IT Vulnerability Ownership, Part 1: Problem, benefits to solving it, and understand its roots

Running a successful vulnerability management program has challenges across people, process and technology, but it’s important to focus on a prerequisites. One prerequisite involves people that security teams have no authority over. Scaling a VM program requires a true partnership with IT teams as they actually get their hands dirty (better yet, clean) in remediation efforts. That partnership starts with identifying vulnerability owners within IT.

This blog series is dedicated to IT Vulnerability Ownership. This post is part one, where we review the problem, benefits to solving it, and understand its roots.

What is IT vulnerability ownership?

SANS states that a security officer is the ultimate vulnerability owner. This writing is about IT vulnerability ownership – historically labelled as system owners. IT vulnerability ownership solves the tactical problem in mitigating a specific vulnerability (or group of related vulnerabilities). Security teams need to converse and align with IT to proceed, but the IT owner is not clearly identifiable.

IT vulnerability ownership is ultimately a who. This can translate to an individual or team. Either way that “who” is partly responsible in how the organization responds to a risk.

That response includes (but isn’t limited to):

  • Mitigate by patching
  • Mitigate through controls – e.g., network segregation
  • Risk acceptance
  • Remove the risk – e.g., shutdown the vulnerable host or software

The risk response decision may require a coordination of multiple stakeholders, and almost always requires the IT vulnerability owner.

IT vulnerability ownership benefits

The Harvard Business Review states that “encouraging employees to feel like owners produces behaviors relevant to their work as well as those outside of their jobs (such as being helpful to others more generally).” Given that security in all but the most mature VM programs is considered outside of the scope of IT’s job, vulnerability ownership can directly impact the program’s success.

Vulnerability ownership also enables process automation. Defined ownership removes manual lookups or lengthy conversations, which can lead to unhealthy habits like finger pointing. This reduced friction ultimately leads to reduced mean time to mitigation (or MTTR) – a valuable VM program metric that UC Berkeley’s security policy publicly values.

Vulnerability ownership benefits people, too. Trending remediation based on vulnerability owners can identify skills gaps across teams or individuals. In the short-term, this visibility opens up cross-team training opportunities. In the long-term, process pollination can lead to exponential gains.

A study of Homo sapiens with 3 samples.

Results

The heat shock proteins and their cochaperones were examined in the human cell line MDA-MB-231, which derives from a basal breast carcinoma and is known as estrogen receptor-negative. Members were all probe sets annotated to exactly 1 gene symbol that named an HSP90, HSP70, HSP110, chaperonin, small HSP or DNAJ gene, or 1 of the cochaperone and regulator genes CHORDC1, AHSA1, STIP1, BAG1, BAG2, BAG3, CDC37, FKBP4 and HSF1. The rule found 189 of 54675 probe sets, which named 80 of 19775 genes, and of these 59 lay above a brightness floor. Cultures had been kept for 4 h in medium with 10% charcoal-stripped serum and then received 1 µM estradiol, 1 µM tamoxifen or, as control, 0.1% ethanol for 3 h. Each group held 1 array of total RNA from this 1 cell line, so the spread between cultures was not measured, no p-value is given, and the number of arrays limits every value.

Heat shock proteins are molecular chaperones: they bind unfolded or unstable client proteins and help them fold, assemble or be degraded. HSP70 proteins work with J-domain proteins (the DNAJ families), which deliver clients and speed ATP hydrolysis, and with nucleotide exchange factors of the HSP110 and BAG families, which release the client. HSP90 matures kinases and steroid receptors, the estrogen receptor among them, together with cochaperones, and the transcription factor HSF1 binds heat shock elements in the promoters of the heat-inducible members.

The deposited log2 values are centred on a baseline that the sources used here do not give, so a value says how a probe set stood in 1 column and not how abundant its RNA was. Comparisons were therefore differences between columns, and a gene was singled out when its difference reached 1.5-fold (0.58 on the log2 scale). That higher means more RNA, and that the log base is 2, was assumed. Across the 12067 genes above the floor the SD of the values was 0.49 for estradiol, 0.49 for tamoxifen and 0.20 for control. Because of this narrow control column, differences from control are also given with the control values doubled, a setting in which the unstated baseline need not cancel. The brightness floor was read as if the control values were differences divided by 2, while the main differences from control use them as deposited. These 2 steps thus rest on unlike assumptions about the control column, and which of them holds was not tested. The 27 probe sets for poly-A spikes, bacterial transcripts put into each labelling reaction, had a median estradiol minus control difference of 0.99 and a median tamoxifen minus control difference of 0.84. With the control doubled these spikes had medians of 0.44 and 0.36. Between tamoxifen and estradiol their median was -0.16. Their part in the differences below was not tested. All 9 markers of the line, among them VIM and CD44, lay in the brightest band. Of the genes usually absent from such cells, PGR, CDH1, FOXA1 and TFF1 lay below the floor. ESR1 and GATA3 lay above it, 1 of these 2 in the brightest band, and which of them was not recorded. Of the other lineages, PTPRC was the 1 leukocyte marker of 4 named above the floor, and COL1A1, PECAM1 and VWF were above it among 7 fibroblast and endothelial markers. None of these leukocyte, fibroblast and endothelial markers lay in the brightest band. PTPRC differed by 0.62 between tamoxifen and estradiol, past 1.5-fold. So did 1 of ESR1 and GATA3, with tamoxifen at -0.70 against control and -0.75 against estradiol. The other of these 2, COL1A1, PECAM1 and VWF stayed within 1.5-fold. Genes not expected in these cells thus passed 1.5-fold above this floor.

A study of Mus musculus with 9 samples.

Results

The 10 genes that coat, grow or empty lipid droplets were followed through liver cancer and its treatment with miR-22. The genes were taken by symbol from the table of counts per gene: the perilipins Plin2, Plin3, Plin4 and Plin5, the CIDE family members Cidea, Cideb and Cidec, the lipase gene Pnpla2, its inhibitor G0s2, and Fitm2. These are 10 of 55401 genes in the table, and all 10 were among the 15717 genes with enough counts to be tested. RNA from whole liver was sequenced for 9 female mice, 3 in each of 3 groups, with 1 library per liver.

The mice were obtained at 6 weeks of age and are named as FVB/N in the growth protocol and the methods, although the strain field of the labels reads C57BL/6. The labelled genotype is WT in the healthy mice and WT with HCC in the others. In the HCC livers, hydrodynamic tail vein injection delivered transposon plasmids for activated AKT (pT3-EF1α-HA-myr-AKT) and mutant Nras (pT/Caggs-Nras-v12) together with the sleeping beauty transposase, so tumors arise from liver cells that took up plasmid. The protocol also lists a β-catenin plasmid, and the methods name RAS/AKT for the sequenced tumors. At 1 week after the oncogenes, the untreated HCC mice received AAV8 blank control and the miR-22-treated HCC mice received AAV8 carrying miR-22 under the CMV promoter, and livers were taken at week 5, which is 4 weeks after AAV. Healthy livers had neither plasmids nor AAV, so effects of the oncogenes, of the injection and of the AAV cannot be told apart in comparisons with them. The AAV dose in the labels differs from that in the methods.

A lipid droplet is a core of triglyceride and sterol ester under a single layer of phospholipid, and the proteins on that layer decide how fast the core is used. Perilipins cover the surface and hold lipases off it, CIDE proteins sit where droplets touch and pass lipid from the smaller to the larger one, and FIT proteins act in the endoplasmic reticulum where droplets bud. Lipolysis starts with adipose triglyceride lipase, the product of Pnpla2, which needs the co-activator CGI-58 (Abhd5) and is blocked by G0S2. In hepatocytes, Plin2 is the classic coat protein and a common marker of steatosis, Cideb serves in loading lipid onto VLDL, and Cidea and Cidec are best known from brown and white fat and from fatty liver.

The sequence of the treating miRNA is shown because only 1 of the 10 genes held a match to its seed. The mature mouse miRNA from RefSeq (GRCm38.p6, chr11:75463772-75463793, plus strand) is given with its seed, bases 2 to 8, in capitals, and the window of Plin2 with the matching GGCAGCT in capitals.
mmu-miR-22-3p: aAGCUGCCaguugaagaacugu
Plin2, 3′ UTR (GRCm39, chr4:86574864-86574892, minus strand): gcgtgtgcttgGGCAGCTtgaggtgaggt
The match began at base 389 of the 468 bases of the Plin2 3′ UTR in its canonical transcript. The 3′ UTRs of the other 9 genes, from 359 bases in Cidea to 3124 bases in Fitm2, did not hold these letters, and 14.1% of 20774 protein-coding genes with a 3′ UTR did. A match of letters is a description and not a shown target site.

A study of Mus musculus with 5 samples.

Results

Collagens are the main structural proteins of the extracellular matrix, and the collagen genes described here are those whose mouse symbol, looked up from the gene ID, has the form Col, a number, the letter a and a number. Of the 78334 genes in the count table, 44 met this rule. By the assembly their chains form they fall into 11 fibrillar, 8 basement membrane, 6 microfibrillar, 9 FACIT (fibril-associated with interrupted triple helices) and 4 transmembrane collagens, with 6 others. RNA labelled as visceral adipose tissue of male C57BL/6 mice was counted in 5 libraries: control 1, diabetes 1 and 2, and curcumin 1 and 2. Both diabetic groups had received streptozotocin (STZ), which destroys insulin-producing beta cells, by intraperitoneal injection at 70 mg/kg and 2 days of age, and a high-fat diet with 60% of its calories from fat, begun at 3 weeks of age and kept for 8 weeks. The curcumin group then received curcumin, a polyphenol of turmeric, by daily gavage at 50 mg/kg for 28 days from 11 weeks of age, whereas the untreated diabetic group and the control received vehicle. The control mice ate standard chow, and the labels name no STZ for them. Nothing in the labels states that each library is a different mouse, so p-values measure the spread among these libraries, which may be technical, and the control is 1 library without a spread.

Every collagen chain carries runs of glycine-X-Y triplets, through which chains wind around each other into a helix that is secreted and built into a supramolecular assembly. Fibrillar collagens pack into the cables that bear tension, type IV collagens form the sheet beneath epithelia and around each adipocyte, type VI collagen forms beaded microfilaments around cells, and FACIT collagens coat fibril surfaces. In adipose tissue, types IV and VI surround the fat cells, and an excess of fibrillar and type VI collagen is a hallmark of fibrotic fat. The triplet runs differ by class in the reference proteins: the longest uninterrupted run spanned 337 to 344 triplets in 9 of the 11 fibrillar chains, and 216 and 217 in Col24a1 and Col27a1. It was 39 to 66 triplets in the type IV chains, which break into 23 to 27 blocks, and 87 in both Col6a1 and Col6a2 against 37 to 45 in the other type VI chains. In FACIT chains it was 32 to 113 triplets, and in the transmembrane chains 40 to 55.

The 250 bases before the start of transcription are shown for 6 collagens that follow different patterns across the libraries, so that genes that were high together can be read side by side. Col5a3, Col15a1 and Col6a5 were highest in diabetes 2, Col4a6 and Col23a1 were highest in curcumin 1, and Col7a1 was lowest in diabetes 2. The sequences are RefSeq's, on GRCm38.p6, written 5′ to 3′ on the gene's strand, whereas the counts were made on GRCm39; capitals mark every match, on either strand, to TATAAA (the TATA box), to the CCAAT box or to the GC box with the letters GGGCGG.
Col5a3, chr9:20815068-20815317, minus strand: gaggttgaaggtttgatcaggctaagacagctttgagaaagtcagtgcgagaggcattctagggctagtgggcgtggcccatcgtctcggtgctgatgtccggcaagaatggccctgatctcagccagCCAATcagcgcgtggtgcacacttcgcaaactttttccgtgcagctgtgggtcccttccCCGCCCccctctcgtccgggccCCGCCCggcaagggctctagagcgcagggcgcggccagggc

Identifying IT vulnerability owners is hard

IT vulnerability ownership is not insurmountable, but it is challenging on multiple dimensions.

From a people perspective, security is often at a knowledge deficit. Security teams are not typically the first to know when about IT staff changes. In security-immature organizations – and apparently Google – security is not always involved in organizational changes. In my personal experience, security was often plainly seen as annoying folks that assign work that “doesn’t matter”, and as a result, generally avoided by IT.

Since remediation workflow is all about process, it has to play ball with existing processes. Regardless of your VM program’s maturity, the odds are in your favor. Defining ownership may appear to be a dream goal in a VM program’s infancy, but success by building on a clean process foundation is actually easier. On the opposite extreme, a mature VM Program already has multiple stakeholders that already understand the benefits of process and helping each other.

Finally, the tech. While tech cannot solve everything, there has been a lot of gains recently that used to make this impossible. Now it’s just hard. You’ll need a developer or someone that can work with APIs to make the tech work for you, but the good news is it’s possible.

So, how do we do it? More on that in the next part of this series.